Green issues on the big screen
From the exploitation of Kenyan rose farmers to a Slovenian man fighting against pollution, this year's line-up proves there's more than enough film fodder for the eco-conscious among us.
With the term 'green' perhaps the only colour that's managed to successfully re-brand itself as a lifestyle in recent history, terms like organic, carbon footprint and bio-gas have firmly planted themselves into our vocabulary.
For anyone still needing an inspirational nudge in a greener direction though, John Maringouin's Big River Man is an ideal place to start.
With the meddlesome, hands on approach of Jamie Oliver and the death-defying tactics of Bear Grylls, Big River Man follows the real-life story of Slovenian Martin Strel who has become devoted to swimming the world's biggest rivers in a bid to highlight the damage caused by pollution.
As a 53-year-old heavy drinker, Strel's light-hearted bid to swim the Amazon is as eccentric as it is heroic whilst setting a new world record for the longest and most perilous swim.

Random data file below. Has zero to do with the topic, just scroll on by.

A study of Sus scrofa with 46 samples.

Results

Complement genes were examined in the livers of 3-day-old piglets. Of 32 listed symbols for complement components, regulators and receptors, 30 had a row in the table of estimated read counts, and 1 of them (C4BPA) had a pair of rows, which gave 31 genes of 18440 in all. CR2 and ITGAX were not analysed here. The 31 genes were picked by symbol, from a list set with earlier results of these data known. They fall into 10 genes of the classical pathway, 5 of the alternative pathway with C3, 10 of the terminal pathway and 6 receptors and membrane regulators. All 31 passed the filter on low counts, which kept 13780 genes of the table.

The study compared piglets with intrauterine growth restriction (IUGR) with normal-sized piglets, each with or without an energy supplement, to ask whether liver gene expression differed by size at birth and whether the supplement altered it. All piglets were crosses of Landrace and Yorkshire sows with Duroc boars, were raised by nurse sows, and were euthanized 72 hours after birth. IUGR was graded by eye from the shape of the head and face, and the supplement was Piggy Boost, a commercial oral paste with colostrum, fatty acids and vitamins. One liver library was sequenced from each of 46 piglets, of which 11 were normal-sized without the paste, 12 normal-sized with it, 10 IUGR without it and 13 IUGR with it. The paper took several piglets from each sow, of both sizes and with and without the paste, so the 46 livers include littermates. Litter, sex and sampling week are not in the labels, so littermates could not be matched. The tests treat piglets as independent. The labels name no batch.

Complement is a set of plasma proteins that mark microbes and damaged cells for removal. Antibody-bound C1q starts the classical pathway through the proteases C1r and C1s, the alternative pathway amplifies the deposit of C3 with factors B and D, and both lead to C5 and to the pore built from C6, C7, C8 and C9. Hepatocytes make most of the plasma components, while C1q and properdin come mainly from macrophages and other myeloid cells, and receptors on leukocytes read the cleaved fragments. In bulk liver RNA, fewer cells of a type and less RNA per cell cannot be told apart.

With summer finally upon us, freshly cut flowers don't instantly spring to mind as a mechanism for oppression, let alone a catalyst for a human rights debate.
Tom Van Zantvoort's documentary a Blooming Business attempts to open up one such discussion with a look into the lives of Kenyan flower farmers who work relentlessly to meet unquenchable global demand.
As a handful of courageous workers come forward to share their experiences; talk of toxic chemicals, poor working conditions and exploitative wages gradually reveals the thornier truth lurking beneath the guise of the supermarket rose.